In case you haven’t noticed, we’re big fans of Heroic Fantasy Quarterly around here. Schedules have been hectic enough that I’ve gotten a bit behind on reading it. Not that that’s anything unusual.
Issue 29 (see art by Vok Kostic here) has the first of a two-part epic poem, so I’ll start with issue 29 and use the poem as a bridge to my comments on issue 30. Both issues had short poems, which I’ll not discuss as they aren’t particularly long. The poems in Issue 29 were “Wench” by Scott Hutchison and “The Persuaders” by Colleen Anderson. Issue 30 gave us another poem by Colleen Anderson, “Garuda’s Gambit” as well as “The Night Before Yule” by Daniel Stride.
I’ll begin my comments of Issue 29 with “Spatha Stercae” by James Frederick William Rowe. This was many ways a clever story about a giant who takes up residence on a mountain and terrorizes the surrounding countryside. Unfortunately for me, much of the cleverness came from literal bathroom humor. It wasn’t quite my cup of tea, but I’m sure there are plenty of readers who will enjoy it. Rowe is a talented writer, and I would be willing to give his work another try.
“Racing the Headsman” by Andrew Knighton was much more to my liking. It was also a clever tale, although the cleverness involved how the protagonist outwitted his adversary. Set during the English Civil War, a captain and his crew rescue their king, but as they try to get him to safety, the captain realizes there is a difference between serving a king and serving a kingdom.
Keeping the theme of clever going, there’s a nice little kernal of clever going on in Matthew Wuertiz’s “Shadows in Sakamura“, which you should be able to tell from the title is set in Japan. Here a pair of warriors share an unusual existence. By sunlight, Katsu’s shadow is his companion Tsukiko, while in the moonlight he becomes her shadow. They can interact with the physical world as shadows, which is always a handy thing to be able to do in a fight. I liked this idea and thought that while the author did a good job with it, there are still many aspects of the situation yet to explore. I’m hoping to see more of these characters.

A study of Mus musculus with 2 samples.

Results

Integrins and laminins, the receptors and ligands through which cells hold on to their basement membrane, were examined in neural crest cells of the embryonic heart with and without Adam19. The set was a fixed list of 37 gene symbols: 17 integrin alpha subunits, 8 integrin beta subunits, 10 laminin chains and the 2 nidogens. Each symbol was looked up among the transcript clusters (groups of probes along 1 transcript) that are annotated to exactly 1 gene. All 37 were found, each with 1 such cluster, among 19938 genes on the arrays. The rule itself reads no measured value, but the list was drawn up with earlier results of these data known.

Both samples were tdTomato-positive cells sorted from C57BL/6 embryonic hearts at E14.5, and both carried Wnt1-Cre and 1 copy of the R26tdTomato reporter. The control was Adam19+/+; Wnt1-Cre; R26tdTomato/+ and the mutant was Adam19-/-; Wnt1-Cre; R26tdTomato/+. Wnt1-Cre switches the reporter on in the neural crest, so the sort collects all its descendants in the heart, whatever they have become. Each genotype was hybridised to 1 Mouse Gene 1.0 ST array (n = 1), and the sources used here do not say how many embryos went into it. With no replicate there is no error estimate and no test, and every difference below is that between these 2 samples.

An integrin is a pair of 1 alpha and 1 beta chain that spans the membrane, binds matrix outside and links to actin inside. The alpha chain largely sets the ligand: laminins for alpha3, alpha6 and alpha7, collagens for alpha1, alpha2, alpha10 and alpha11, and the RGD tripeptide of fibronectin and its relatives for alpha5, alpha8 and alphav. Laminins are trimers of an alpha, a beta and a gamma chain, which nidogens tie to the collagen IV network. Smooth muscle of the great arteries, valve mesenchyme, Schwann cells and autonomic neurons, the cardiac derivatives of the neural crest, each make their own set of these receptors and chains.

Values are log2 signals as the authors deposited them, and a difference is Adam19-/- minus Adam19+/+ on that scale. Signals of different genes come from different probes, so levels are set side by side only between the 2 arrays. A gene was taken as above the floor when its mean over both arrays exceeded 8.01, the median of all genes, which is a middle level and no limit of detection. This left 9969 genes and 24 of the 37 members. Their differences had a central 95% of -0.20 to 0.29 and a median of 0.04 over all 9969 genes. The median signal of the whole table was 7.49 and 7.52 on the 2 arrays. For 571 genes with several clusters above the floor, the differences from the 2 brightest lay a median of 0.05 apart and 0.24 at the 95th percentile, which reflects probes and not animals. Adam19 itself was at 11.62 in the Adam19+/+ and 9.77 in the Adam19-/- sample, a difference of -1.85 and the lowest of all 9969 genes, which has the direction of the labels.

Moving on the two part epic poem by Cullen Groves, “Lethe’s Cup and the White Sword” (Part 1; Part 2) is a long but enjoyable tale about a Christian knight and a pagan half-elf princess, their war with each other, and their love. It’s a little more work to read than the usual fare in HFQ, but it’s well worth the effort. I am in awe of anyone who can write a poem that long.
Adrian Simmons gave us “Seven Moves of an Ordrulk Board“. This is probably the most ambitious work I’ve seen by Adrian. It’s the tale of a boy who tries to fool a demon into giving him the ability to work magic. The only person he’s really fooling is himself. This is a powerful and unflinching meditation on the ends not justifying the means.
Harry Piper continues that theme with “The Man in Chains“. This is a historical fantasy about the lengths to which men are willing to go to protect their countries. If you find a man chained in darkness in the basement of an abandoned castle, there’s a reason he’s there.
As good as the above names stories were, and make no mistake, they were good, my favorite was Martin Rose’s “Eyes or no Eyes”. It’s narrated by a court magician who is a bitter old man (my kinda guy). When a young champion is severely wounded in a joust, he manages to save her life but not her sight. It’s also a story of redemption, for the spoiled brat of a prince who probably was behind her wounding finds he needs her. But to restore her is going to require a huge sacrifice. I really liked the prose in this one. It was poetic and beautiful in a way that didn’t interfere with the story but communicated the character of the narrator.
Heroic Fantasy Quarterly is only getting better, IMO. The fiction is some of the strongest I’ve seen here, and the normal HFQ story is usually pretty strong. Read and what the state of the field of heroic adventure fantasy is today.